A national nonprofit focused on combating blight is highlighting work from the Macon-Bibb Land Bank Authority in its latest report on land banking.
The Center for Community Progress referred to Macon-Bibb as “The Conduit” for the work it does with a range of partners in revitalizing neighborhoods and providing affordable housing while preserving historic assets. Macon-Bibb was one of seven land banks featured in “Take it to the Bank: How Land Banks are Strengthening America’s Neighborhoods,” which was released Tuesday.
“We are a conduit,” said Alison Souther Goldey, director of the land bank. “We’re not the silver bullet -- we are just part of it. It’s a little like you take an assembly line approach of taking properties that are under-utilized, and we are the conduit to make that happen.”
The land bank’s biggest power is the ability to forgive delinquent property taxes on land it acquires. This can mean new life for vacant or abandoned property where unpaid taxes might exceed the value of the property and make it a harder sell for redevelopment.
Nationally, there are about 120 land banks, and Macon-Bibb is one of the oldest.
Founded in 1996, the land bank has focused its efforts in targeted neighborhoods and uses tax sales, donations and purchases to acquire property.
The Center for Community Progress report highlights Macon-Bibb’s efforts in Beall’s Hill, Lynmore Estates and the River Edge Behavioral Health Center development off Emery Highway.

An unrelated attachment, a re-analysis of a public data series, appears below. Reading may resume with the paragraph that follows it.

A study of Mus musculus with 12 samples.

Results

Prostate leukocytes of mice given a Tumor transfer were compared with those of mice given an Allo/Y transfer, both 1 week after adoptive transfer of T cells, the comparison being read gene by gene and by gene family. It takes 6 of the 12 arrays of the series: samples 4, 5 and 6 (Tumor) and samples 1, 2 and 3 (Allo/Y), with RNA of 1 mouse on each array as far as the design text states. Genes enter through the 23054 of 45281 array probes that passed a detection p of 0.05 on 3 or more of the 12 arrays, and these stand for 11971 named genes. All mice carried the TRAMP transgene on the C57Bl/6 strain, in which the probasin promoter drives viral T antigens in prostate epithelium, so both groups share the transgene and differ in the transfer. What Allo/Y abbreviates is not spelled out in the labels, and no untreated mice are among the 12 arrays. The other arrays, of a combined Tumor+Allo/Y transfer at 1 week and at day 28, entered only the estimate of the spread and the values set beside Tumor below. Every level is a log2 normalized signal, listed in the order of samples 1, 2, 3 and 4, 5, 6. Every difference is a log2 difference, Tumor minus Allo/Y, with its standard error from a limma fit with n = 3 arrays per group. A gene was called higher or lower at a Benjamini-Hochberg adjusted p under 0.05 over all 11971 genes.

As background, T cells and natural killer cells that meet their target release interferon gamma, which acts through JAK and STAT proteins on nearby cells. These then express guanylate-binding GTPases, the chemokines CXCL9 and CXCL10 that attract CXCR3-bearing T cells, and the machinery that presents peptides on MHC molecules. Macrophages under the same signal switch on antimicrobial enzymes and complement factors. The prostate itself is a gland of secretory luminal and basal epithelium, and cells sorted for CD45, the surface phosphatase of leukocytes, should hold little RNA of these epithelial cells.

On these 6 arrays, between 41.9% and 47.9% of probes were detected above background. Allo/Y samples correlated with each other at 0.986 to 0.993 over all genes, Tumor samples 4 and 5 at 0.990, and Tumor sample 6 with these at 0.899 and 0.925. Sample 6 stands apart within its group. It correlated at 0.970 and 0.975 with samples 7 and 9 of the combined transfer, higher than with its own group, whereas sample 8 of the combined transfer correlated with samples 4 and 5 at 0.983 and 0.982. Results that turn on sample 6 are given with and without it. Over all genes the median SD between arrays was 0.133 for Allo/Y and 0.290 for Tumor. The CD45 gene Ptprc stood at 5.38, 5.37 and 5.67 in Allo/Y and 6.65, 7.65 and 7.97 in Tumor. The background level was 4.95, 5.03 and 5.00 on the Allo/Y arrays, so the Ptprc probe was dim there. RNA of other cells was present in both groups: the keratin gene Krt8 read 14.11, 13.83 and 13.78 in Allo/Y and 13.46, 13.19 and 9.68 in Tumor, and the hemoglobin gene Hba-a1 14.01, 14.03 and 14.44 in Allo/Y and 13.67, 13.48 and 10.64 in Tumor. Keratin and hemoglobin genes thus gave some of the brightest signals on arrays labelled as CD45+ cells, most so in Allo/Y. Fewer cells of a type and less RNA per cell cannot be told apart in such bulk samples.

“Our focus now is going to be joining efforts with Macon-Bibb County and our other partners such as Habitat (for Humanity) to work on the blight plan -- to be a part of the blight task force,” Goldey said. “That is going to be our focus on the upcoming years. ... There is no way you can effectively tackle blight without a land bank.”
The report also features land banks in Atlanta; Genesee County, Michigan; Cuyahoga County, Ohio; Syracuse, New York; Marquette County, Michigan; and Chautauqua County, New York.
“I am delighted because a lot of times when you hear about land banks, you hear about them being in a Detroit or Flint, Michigan ... for them to feature the Macon-Bibb County Land Bank Authority actually shows that land banks can work in many different environments and many different sized cities,” Goldey said. “Land banks can be a benefit in any community.”